First, thank you DAB and cy.gul for your comments on my last week's update. It turned out that the Manchester encoder that I built last weekend is not used in the infrared protocol of my TV remote. After more reading I actually found out that there are various other encoding standards used in home appliances (like TVs, Cable boxes, satellite receivers, audio equipment …). So first thing I looked into was how to transform the Manchester encoder into a more universal encoder. To do this I built an experiment using an infrared receiver (I used Vishay TSOP38238) to decode the signal from my TV remote control, and I also opened the remote control and soldered two wires on the transmitter LED so I could probe the raw signals on the oscilloscope the same time with the decoded signals. This is how my experimental setup looked like:
The Vishay TSOP38238 IR decoder has a block diagram as shown below:
With this setup I could measure the signal that my remote control sends to turn ON/OFF the TV:
The upper waveform is the raw signal on the infrared LED and the lower waveform is the signal at the output of the Vishay TSOP decoder. The data sequence begins with a start pulse, then it has the coded bits, after which there is a pause and then it ends with a pulse similar to the starting pulse. Zooming on the x-axis I could then see the correspondence between 38kHz modulated raw signal and decoded logic bits, as shown in the figure below:
So the difference between the logic “1” and logic “0” bits is not the modulated pulse position within a cycle, like for Mancester decoder, and it is not the length of the modulated pulse. Logic “1” bits have longer spacing in between than logic “0” pulses, and all LED_ON pulses have the same length (1/2 cycle). I have tried to think of a way to transform my shift register that I built one week ago to generate this sequence of pulses, but I couldn’t find an easy way since basically I had to create logic “1” pulses with different clock period than logic “0” pulses. So I decided to remove the shift register and instead to build a subroutine in the CPU that creates these pulses using the CyDelay(x) command. So my schematic has changed:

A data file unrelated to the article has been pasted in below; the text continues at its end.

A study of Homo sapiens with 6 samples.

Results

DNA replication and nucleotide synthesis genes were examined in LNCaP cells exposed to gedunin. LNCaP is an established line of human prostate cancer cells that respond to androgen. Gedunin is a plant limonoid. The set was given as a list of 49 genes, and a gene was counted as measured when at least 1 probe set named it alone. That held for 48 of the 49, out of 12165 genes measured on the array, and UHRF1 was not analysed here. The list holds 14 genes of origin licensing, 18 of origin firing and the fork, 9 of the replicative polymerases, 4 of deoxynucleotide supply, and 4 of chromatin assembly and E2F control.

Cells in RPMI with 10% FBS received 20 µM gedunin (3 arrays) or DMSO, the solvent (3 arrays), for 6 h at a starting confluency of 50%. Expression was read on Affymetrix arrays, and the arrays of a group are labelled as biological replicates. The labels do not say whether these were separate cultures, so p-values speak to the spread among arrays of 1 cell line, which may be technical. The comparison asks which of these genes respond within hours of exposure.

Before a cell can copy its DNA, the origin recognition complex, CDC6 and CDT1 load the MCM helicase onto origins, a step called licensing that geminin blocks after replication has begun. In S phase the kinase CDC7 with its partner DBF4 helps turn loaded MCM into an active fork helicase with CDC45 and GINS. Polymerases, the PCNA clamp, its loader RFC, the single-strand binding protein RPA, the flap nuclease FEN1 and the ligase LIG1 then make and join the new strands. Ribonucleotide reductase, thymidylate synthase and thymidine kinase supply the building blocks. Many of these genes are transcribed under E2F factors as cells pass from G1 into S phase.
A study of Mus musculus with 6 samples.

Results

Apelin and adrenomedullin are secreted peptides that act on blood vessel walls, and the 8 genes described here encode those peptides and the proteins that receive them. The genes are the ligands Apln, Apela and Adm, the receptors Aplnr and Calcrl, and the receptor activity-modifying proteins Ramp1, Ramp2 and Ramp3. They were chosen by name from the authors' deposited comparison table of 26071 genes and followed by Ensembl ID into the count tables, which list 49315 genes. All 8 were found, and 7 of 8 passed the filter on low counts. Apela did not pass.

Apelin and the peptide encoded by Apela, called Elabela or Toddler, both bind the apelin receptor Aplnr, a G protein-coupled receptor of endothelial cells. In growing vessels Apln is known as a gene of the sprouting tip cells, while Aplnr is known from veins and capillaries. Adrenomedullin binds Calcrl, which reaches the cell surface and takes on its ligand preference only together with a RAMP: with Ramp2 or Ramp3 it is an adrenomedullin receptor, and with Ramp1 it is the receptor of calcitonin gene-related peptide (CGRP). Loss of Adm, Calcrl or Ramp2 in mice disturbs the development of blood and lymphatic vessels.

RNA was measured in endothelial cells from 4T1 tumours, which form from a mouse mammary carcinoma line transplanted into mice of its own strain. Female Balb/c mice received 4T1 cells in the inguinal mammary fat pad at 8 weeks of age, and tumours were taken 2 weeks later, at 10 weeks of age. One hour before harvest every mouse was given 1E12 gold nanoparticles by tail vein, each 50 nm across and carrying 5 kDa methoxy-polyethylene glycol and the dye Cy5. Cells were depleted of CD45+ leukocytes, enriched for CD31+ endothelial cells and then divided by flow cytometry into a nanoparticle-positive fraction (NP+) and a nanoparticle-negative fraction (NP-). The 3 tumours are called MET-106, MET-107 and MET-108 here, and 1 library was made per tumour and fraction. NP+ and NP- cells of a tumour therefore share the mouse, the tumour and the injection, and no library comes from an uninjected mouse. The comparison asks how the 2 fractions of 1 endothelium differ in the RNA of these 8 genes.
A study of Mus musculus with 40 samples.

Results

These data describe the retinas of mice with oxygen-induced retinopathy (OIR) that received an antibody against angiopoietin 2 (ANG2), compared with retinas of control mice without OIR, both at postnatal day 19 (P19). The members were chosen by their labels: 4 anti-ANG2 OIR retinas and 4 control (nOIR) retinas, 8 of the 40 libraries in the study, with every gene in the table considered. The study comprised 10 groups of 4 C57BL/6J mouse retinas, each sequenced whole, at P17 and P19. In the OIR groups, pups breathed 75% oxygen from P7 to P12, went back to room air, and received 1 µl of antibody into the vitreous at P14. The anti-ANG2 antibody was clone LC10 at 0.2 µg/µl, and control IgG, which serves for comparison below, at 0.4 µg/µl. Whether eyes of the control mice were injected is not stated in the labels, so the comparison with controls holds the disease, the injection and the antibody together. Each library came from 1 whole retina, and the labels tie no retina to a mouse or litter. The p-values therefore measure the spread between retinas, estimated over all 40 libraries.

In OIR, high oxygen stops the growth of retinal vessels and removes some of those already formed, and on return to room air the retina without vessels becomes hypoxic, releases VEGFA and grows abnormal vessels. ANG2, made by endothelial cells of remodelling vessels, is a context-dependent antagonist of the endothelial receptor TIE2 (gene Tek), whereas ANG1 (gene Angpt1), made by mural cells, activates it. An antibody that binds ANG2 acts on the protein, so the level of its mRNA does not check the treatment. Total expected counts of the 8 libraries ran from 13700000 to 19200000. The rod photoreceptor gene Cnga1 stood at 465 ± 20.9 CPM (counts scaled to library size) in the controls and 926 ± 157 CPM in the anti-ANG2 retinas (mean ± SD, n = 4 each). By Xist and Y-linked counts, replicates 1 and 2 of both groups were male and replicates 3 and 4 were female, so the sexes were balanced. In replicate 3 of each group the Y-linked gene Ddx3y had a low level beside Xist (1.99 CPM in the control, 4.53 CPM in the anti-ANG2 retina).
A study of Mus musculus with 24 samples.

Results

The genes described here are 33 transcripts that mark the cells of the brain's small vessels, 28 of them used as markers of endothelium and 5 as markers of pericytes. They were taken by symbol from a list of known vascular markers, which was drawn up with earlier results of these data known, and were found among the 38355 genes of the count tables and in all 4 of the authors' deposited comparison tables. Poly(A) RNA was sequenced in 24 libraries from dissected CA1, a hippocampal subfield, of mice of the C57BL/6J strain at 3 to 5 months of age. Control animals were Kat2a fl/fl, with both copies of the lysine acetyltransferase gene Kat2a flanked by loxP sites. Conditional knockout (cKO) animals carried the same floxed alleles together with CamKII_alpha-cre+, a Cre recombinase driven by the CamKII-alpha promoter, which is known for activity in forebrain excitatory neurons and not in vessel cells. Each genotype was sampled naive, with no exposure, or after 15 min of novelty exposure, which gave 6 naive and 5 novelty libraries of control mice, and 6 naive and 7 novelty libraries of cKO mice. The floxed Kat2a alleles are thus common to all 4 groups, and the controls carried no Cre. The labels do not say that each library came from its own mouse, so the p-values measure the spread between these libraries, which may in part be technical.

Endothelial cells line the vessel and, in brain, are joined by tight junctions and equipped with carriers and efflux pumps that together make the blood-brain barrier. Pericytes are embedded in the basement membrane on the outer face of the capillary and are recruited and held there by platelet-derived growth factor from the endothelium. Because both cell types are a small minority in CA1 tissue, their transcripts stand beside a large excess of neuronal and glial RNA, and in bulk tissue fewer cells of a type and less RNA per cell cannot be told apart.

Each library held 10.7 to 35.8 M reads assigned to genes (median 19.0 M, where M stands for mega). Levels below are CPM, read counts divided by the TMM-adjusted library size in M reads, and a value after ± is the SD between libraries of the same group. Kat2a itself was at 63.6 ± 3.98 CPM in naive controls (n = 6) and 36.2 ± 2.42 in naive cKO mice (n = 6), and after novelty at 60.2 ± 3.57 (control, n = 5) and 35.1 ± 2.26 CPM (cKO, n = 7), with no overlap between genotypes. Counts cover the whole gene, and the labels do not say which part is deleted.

And the encoding is now done in a function that takes two inputs: the code that needs to be sent and the number of bits that needs to be sent. This is because the code can be 8, 16, 32 … bits format (a register inside CPU that is multiple of 8 bits), but there might be cases when the number of bits that needs to be sent to a particular appliance/command to have an arbitrary number of bits not multiple of 8. So my function takes the first N bits from the code to be sent:
The main advantage I see now, by using a “software” encoder versus the previous “hardware” Manchaster encoder is that I have the flexibility to cover various standards of IR transmission protocols by just creating similar functions for each type of protocol that I want to use.
The new design provides the desired encoding as I am showing in the following screenshot, which I have obtained by turning around my IR LED to point into the Vishay TSOP38238 receiver:
We can see now how logic "1" bits are encoded by having twice the spacing of logic "0" bits.
This was part of what I worked on this weekend; besides this I worked on a PCB that will hold the front end amplifier between electrodes and PSoC 4 comparators. I am trying to get this board fabricated this week, so next weekend I can solder the parts and connect it to the PsoC Pioneer kit.
That’s it for this update; I will post more info as I get more work done.